Free agents, the end of the season and ugly basketball


ESPN’s brilliant Kevin Arnovitz watches every Clipper game — he’s a masochist that way — but he had a very interesting explanation for this recent play since the Clippers fired Mike Dunleavy.

But one reason that players, coaches and management continue to cite is the unusual number of players on the roster with expiring contracts. After the Clippers’ 117-94 loss to Dallas, interim head coach Kim Hughes tried to account for his team’s careless play:

“In late-season scenarios when you have as many free agents as we do, human nature takes effect sometimes. They look for points instead of the team first. That bothered me tonight. We had some guys looking for points too much. That should never occur, but it did occur. It’s not right, but it did happen. It’s not the way I like to play basketball, but when you have as many free agents as we do, I think it’s going to happen at times.”

You are seeing this same phenomenon with other teams, for example every team currently or within the next few years expected to play in the New York metropolitan area.

We’re seeing more of it this year with so many teams forsaking this season in hopes of landing one of the big free agents this summer. There are a lot of guys whose contracts come to an end.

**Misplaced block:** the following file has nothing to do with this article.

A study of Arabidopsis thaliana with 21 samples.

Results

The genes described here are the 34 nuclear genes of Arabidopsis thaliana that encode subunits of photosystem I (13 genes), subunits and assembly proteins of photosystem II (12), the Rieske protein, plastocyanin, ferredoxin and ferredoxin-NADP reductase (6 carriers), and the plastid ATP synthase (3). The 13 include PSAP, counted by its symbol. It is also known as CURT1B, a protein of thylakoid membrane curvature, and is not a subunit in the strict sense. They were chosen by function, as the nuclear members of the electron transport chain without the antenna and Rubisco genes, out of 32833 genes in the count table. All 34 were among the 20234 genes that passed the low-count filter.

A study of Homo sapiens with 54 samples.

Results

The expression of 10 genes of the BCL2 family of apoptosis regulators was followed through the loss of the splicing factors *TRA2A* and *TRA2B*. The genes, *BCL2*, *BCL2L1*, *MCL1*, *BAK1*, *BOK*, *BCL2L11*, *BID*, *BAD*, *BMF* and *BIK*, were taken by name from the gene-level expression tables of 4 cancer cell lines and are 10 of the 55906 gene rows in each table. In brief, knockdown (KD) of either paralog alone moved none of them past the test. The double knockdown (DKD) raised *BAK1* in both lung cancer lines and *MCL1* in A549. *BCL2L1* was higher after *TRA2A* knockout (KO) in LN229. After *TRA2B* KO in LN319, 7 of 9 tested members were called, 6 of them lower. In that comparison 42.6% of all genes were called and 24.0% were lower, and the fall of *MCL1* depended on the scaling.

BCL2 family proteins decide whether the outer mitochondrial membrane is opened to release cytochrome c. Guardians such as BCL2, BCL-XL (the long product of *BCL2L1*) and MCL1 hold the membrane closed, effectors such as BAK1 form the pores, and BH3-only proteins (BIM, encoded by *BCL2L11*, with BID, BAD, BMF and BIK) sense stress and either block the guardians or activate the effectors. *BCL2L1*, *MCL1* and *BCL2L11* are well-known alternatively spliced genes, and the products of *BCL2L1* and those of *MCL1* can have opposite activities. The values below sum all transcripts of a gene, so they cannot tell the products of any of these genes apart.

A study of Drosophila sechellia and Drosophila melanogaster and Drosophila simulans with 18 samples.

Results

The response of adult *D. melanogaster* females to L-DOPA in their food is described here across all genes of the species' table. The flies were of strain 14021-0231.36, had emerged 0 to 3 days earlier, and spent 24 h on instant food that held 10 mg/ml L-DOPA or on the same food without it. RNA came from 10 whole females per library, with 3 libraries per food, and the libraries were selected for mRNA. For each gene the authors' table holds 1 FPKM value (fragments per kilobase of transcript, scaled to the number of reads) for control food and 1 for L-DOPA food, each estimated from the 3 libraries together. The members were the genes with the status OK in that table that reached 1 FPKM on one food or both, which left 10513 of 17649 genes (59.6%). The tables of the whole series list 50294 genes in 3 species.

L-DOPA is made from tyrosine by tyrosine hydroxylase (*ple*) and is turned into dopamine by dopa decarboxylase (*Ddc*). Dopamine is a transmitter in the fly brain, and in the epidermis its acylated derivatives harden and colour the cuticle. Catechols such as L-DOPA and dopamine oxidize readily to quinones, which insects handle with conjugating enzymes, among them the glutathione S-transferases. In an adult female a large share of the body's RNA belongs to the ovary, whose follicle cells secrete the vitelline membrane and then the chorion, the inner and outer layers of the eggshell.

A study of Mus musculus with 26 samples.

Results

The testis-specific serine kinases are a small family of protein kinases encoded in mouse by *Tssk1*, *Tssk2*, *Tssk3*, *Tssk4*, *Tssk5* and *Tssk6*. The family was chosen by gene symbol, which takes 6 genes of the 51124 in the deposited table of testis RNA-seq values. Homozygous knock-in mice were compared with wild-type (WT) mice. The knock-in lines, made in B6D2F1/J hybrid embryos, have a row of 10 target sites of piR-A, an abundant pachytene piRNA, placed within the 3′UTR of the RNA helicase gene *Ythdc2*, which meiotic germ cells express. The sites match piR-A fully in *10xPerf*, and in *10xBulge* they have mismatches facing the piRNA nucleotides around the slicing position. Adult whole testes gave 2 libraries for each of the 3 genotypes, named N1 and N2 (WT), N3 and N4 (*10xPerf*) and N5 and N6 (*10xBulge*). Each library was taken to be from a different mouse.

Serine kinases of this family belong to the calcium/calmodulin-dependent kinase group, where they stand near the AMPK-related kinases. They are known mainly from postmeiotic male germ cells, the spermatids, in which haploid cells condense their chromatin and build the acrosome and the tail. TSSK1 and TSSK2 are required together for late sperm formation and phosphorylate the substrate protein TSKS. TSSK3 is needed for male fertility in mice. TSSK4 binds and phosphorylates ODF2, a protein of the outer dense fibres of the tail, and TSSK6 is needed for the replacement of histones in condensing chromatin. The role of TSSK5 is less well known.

As Arnovitz points out, hard to totally blame the players. If one Clipper right now was making the right plays and giving up his okay looks to a teammate for better looks, do you think that would really help him come free agency? Studies have shown what we all knew already — score more and you get paid more in the NBA. Doing the right thing can hurt your pocket book. So guys get selfish.

If teams start paying smarter — start using more advanced metrics to evaluate players — some of this can go away. But it never will completely. We’re always going to get some selfish, ugly ball every March and April.

PBT Extra bold prediction previews: No, Lakers are not playoff bound


Most Lakers fans I know — remember, I’m a former Laker blogger living in So Cal, even my optometrist wants to talk Lakers during my eye exam — are realistic about where the team is in the rebuild process. Like me, they want to see a healthy season of Kobe Bryant where he can choose whether or not to continue his career on his terms, not Father Time’s.

But Lakers exceptionalism is a thing, and there are Lakers fans living in a fantasy land.

That’s what Jenna Corrado and I get to in the latest PBT Extra: There are Lakers fans that think they are playoff bound. And there are people who expect even more than that from this team this year — like Kobe Bryant to return to MVP form. Those people need to stop taking so much glaucoma medication.

Thabo Sefolosha’s lawyer: White police officer targeted black Hawks forward

Thabo Sefolosha

Attorney Alex Spiro said Tuesday in Manhattan Criminal Court that a white police officer saw a black man in a hoodie when he confronted the Atlanta Hawks’ Thabo Sefolosha on April 8.

Sefolosha was arrested while leaving a Manhattan nightclub following a stabbing. He subsequently suffered a season-ending leg fracture after a confrontation with police.

A prosecutor said in opening statements that Sefolosha called an officer who repeatedly told him and others to leave a “midget.”

Sefolosha pleaded not guilty to misdemeanor obstructing government administration, disorderly conduct and resisting arrest charges. The Swiss citizen declined a plea deal from prosecutors.